Summer monsoon forecast to bring rainfall 10–20 percent above average
Drought and limited health care access in Sindh have resulted in poor health outcomes, particularly for children
Approximately half of all people displaced from FATA had returned as of June 23
A UN assessment of humanitarian conditions in Sindh Province’s Tharparkar District conducted in May revealed that drought conditions since 2008 have resulted in reduced agricultural outputs, including the loss of between 65 and 70 percent of livestock in many communities. Due to drought, the population has increasingly resorted to negative coping mechanisms, the UN reports.
The Pakistan Meteorological Department (PMD) has issued its 2016 July–September summer monsoon forecast, which predicts rainfall 10–20 percent above average in many areas of Pakistan, including northeastern Balochistan, Khyber Pakhtunkhwa (KPk), Punjab, and Sindh provinces. According to the PMD, above-average rainfall may produce flooding in urban areas and landslides and flooding in northern Pakistan.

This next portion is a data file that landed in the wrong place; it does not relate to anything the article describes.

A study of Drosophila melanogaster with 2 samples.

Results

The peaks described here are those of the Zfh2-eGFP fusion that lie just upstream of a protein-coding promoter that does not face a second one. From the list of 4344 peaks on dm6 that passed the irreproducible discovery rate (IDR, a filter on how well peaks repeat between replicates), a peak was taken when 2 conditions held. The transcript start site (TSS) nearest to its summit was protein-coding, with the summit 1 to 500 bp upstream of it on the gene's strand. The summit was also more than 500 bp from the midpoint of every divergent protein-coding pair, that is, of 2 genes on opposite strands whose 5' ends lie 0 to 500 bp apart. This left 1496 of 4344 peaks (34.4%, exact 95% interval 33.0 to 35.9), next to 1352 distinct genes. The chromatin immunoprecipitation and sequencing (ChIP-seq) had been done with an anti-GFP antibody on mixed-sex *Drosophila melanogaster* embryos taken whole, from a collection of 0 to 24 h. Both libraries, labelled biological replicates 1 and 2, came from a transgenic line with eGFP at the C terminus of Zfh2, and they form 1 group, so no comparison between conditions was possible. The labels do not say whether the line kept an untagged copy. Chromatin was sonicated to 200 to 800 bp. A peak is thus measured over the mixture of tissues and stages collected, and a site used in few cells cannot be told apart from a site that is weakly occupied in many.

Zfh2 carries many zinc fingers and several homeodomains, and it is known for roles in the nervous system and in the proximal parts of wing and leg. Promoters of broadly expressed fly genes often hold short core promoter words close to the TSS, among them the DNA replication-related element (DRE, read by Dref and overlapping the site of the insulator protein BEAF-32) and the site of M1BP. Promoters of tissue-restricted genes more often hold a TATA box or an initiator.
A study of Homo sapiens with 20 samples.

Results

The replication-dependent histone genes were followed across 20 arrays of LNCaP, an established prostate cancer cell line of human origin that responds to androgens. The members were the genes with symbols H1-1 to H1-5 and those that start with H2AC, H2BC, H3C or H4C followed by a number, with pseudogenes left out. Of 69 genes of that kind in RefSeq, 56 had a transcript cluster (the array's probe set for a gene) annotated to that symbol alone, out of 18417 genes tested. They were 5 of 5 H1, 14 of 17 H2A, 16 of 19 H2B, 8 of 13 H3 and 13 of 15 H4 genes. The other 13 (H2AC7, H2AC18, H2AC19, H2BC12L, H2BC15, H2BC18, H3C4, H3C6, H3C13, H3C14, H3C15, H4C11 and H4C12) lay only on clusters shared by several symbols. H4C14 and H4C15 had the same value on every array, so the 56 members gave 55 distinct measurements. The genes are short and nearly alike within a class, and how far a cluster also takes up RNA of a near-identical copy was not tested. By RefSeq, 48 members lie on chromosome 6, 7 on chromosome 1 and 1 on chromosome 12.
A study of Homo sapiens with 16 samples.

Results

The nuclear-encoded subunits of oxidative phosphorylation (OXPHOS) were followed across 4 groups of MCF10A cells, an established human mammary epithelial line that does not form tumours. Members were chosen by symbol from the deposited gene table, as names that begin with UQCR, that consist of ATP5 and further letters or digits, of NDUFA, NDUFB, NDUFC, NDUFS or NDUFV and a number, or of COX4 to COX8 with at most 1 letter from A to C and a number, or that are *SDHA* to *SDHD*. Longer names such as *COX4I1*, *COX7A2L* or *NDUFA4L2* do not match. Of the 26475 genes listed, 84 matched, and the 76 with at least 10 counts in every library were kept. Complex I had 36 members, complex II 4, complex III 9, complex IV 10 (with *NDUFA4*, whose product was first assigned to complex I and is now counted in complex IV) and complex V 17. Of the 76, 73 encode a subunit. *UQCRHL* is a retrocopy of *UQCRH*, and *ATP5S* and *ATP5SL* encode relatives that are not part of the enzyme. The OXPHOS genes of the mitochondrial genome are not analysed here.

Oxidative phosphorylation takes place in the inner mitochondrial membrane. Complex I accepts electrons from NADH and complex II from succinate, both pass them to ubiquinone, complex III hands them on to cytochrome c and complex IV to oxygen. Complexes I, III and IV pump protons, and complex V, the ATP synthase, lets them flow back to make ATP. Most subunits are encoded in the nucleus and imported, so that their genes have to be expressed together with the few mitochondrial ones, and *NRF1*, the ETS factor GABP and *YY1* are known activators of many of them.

Clashes that erupted between Afghan and Pakistani forces on June 12 at the Torkham border crossing in Pakistan’s Federally Administered Tribal Areas (FATA) resulted in the closure of the border point for five days, impeding access to health care services and the flow of commodities, according to international media. The Torkham crossing reopened on June 18 following the establishment of a ceasefire between the governments of Afghanistan and Pakistan.